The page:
President Bush signed the Jobs and Growth Act of 2003 (“JGTRRA”) on May 28, 2003. The new law extends the 10% tax rate to cover the first $7,000 of taxable income for single persons, and $14,000 for married couples. It also lowers the tax rates above 15% to 25%, 28%, 33% and 35%. This is a drop of two percentage points for each rate except the top one, which went down 3.6 points.
The new law raises the standard deduction for married couples to $9,500 and extends the 15% tax rate to $56,800 of taxable income. Each figure is double the number for single taxpayers. The changes reduce the “marriage penalty”—the difference between the tax couples pay and the amount they would have paid as two single persons.
The bottom line is that some 91 million taxpayers will receive, on average, a tax cut of $1,126. Families with children will get relief quickly due to the acceleration of the child tax credit from $600 to $1,000 per child. Beginning in mid-July, the IRS started sending checks of $400 per child to taxpayers who claimed a child tax credit on their 2002 return. Most taxpayers will see their paychecks grow as their employer reduces the amount of tax withheld to reflect reduced tax rates, and a larger standard deduction ($9,500 for married couples).
The IRS has released new withholding tables for employers to use when figuring the federal income tax to withhold from their employees’ wages. The new tables reflect changes made by JGTRRA. Churches should use these new tables as soon as they can work them into their payroll systems.
In making tax rate reductions retroactive to the beginning of 2003, Congress recognized that tax withholding has already occurred at the higher rates required under the prior law. A conference committee report, commenting on the new tax law, states that “taxpayers who have been overwithheld as a consequence of this (should) obtain a refund of this overwithholding through the normal process of filing an income tax return, and not through the payor.” Therefore, employers and others that withhold taxes should not attempt to “correct” amounts withheld at the rates required under the law before they could implement the new withholding rates.
Employees may adjust their withholding to bring the tax paid closer to the tax owed, but they may not claim more allowances than they are entitled to, based on their expected exemptions, deductions and credits. To avoid an estimated tax penalty for not paying enough during the year, they may want to see how much their withholding drops before making further adjustments.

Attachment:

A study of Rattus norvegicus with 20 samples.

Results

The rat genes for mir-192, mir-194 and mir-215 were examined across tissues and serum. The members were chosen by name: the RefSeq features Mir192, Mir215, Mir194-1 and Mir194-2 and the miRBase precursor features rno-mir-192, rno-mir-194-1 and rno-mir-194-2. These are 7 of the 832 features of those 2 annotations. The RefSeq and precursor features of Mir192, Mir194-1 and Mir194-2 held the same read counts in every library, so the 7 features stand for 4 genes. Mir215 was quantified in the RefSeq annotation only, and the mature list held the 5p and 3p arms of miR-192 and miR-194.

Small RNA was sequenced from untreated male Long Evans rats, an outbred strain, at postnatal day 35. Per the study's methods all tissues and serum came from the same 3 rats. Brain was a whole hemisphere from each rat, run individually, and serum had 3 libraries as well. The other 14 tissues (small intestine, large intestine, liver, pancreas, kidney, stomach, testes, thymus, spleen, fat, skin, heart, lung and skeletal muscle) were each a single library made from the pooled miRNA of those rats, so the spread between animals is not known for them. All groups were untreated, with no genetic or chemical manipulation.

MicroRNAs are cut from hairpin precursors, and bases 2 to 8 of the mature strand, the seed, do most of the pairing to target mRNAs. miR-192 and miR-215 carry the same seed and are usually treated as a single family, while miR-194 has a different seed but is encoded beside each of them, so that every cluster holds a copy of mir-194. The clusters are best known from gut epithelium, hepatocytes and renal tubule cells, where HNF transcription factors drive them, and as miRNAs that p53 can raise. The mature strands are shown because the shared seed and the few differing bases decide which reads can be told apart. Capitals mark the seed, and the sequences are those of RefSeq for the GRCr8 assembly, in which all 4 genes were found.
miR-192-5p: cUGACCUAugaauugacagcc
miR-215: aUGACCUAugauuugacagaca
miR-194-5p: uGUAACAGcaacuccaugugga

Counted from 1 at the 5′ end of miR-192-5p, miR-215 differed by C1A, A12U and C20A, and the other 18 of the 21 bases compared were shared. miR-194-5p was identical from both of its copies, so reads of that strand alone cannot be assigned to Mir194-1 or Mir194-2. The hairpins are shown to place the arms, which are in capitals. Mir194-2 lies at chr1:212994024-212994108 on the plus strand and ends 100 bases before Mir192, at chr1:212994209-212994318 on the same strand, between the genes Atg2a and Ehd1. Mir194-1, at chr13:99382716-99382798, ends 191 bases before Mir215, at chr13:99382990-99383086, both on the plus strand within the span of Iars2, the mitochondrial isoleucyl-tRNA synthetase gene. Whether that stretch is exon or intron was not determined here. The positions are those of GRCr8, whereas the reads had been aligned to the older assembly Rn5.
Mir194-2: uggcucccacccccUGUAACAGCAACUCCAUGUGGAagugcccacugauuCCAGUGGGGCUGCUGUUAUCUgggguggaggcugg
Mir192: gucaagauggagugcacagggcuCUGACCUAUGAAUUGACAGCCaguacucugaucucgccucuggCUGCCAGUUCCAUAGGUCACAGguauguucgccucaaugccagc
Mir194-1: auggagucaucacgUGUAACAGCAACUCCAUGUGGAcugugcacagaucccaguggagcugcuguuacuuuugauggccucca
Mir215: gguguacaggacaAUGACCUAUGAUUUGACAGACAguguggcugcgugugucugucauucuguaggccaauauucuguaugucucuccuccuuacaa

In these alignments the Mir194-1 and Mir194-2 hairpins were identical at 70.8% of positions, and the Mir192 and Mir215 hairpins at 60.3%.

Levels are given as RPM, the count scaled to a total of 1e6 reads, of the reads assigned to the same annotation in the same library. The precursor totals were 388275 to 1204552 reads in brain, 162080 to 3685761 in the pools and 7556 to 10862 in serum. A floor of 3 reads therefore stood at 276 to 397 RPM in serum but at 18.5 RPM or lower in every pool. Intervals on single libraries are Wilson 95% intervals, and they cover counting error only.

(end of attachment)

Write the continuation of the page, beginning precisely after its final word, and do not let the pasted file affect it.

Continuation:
Key point. Employees may submit a new Form W-4 to ensure that the correct amount of tax is being withheld from their pay.
A number of provisions in the Senate version of the tax bill were not adopted by the conference committee and so did not make there way into the final law. Here are some of the rejected provisions that are of most interest to church leaders. It is possible that some or all of these proposals would be adopted if the Democratic party wins control of Congress and the White House. The Senate bill would have (1) made it much more difficult for “rabbi trusts” to qualify for the tax benefits; (2) eliminated the foreign earned income exclusion (that makes the earnings of most foreign missionaries tax free); (3) included a “sense of the Senate” that the taxation of Social Security benefits should be repealed; (4) repealed the prohibition of a deduction for the travel expenses of a spouse, dependent, or other person accompanying a taxpayer on a business trip; (5) extended Archer medical savings accounts through December 31, 2004.
The IRS is encouraging employers to provide the following notice to employees so that they will be aware of how the new law affects their withholding.
Notice to Employees
Changes in Income Tax Withholding
New withholding tables may reduce the amount of income tax withheld from your wages. The new tables, prescribed by the Department of the Treasury, reflect a change resulting from the Jobs and Growth Tax Relief Reconciliation Act of 2003. The reductions in tax withholding are due to the reduction in the current 27% and higher tax brackets and widening of the 10% tax bracket. If you do not want to have your withholding reduced, you may want to file a new Form W-4, Employee’s Withholding Allowance Certificate, with your employer. You may claim fewer withholding allowances on line 5 or request additional amounts to be withheld on line 6. For additional help, get IRS Publication 919, How Do I Adjust My Tax Withholding? or visit the IRS website at www.irs.gov and use the “Withholding Calculator.”
This article first appeared in Church Treasurer Alert, August 2003.